Frank Cohen is one of the UK’s most renowned art collectors. Since selling his DIY business in 1997, he has built up a collection of more than 2,000 artworks by classic and contemporary artists. Here, he tells us how he caught the collecting bug, and which destinations are the most interesting for art right now.
1. How did you first get into collecting?
As young as 7 years old I started to collect cigarette packets. In those days there were not so many brands and the cigarette packets had wonderful graphic designs on them. I asked all my aunts and uncles and my mothers friends to save the packets when they had smoked the cigarettes as everyone smoked in those days. 68 years ago it was fashionable and I kept them in mint condition always.
Pattern coins are coins that were presented to the Royal Mint to be picked to go into circulation. I collected the ones that were never put into circulation, making them very rare. There were only about 10 minted of each, one always went to the Victoria & Albert Museum for their collection and the Queen gets one.
2. Do you have an all time favourite artist?
I have all time favourite artists during different times in my collection. When I started collecting there was no contemporary art scene, so I collected Modern British art but if I could have afforded to buy anything I would have bought Picasso or Monet.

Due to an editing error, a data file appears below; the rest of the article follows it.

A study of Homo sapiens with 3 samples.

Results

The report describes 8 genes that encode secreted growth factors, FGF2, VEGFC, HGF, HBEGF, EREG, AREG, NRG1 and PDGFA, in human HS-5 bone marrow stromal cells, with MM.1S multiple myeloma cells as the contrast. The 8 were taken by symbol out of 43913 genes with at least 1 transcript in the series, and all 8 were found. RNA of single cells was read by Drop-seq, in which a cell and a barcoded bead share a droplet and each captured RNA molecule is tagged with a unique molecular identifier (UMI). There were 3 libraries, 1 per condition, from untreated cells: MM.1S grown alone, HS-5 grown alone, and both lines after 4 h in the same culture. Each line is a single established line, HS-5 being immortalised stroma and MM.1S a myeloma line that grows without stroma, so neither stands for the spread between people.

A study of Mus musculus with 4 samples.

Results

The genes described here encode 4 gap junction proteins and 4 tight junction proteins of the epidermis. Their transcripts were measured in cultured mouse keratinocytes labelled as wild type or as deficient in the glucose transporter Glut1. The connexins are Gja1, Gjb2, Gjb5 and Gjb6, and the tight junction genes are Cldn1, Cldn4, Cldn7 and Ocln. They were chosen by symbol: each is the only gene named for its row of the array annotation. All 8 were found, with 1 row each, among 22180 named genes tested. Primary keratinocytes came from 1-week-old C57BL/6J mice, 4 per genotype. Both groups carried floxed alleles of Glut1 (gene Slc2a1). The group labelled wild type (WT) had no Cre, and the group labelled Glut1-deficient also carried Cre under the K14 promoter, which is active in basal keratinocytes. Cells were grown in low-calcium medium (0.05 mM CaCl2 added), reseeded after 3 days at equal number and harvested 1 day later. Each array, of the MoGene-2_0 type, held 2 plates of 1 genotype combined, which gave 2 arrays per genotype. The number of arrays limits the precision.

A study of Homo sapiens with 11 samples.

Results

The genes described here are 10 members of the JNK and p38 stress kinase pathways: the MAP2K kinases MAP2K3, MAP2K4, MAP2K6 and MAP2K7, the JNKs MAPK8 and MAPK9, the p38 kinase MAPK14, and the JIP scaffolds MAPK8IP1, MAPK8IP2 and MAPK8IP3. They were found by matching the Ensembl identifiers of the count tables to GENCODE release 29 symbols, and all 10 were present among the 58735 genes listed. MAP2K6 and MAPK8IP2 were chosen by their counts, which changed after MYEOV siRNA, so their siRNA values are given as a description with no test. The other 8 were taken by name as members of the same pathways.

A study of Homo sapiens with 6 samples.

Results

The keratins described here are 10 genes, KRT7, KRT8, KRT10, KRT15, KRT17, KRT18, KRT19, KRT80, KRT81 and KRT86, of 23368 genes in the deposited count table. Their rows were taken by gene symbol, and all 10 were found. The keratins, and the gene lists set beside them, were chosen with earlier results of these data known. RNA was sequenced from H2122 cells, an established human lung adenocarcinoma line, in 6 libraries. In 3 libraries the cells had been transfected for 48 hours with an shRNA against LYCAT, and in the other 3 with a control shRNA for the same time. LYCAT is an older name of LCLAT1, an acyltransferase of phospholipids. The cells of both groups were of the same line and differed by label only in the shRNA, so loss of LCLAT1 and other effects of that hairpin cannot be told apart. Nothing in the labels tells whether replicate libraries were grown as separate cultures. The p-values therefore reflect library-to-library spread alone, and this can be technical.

When I first started buying I bought Edward Burra, a fantastic English painter who only painted in water colours that looked like oils. I also bought L.S.Lowry, one of the greatest British painters of the last 100 years. In the late ‘70’s I bought Dubuffet and Miró from Leslie Waddington who let me pay for them over 2 or 3 years, otherwise I wouldn’t have been able to collect them. Afterwards he offered me Roy Lichtenstein, Jasper Johns and Mark Rothko, that were actually very cheap but I still couldn’t afford them. Today they are worth millions! You win some and lose some and I don’t regret anything or anything I bought.
3. If your collection could speak, what would it say about you?
My collections speak to me and my wife Cherryl, who has always been very important and supportive in my career. We’ve really collected together. I don’t care what anybody else thinks. It would say to me ‘I love you because you have made the right choice’.
4. What’s the most interesting destination for art right now and why?
I suppose the Far East is an interesting destination right now for buyers but because the world is global there are some really good artists coming through from Brazil, Africa, Thailand and Romania. America, Germany and London, France and Italy were always at the forefront.
5. Have you ever doubted your artistic judgment?
I have never doubted my artistic judgment because it’s me buying the artist. To put it another way I have bought some terrible things over the years and some great things – how do you judge it, how much money is it worth? I have done very well but I haven’t bought for that reason. I have artists that will never ever increase in value but I love them still.
6. What’s your exhibition recommendation for this year?
My recommendations for this year mean nothing except to me, as no doubt people that read this article will naturally have a different view. Besides all the classic artists I have collected over the years, I have also bought young artists as well right now like Nathaniel Mary Quinn, Alex de Corte, Chloe Wise, William Monk and Loie Hollowell.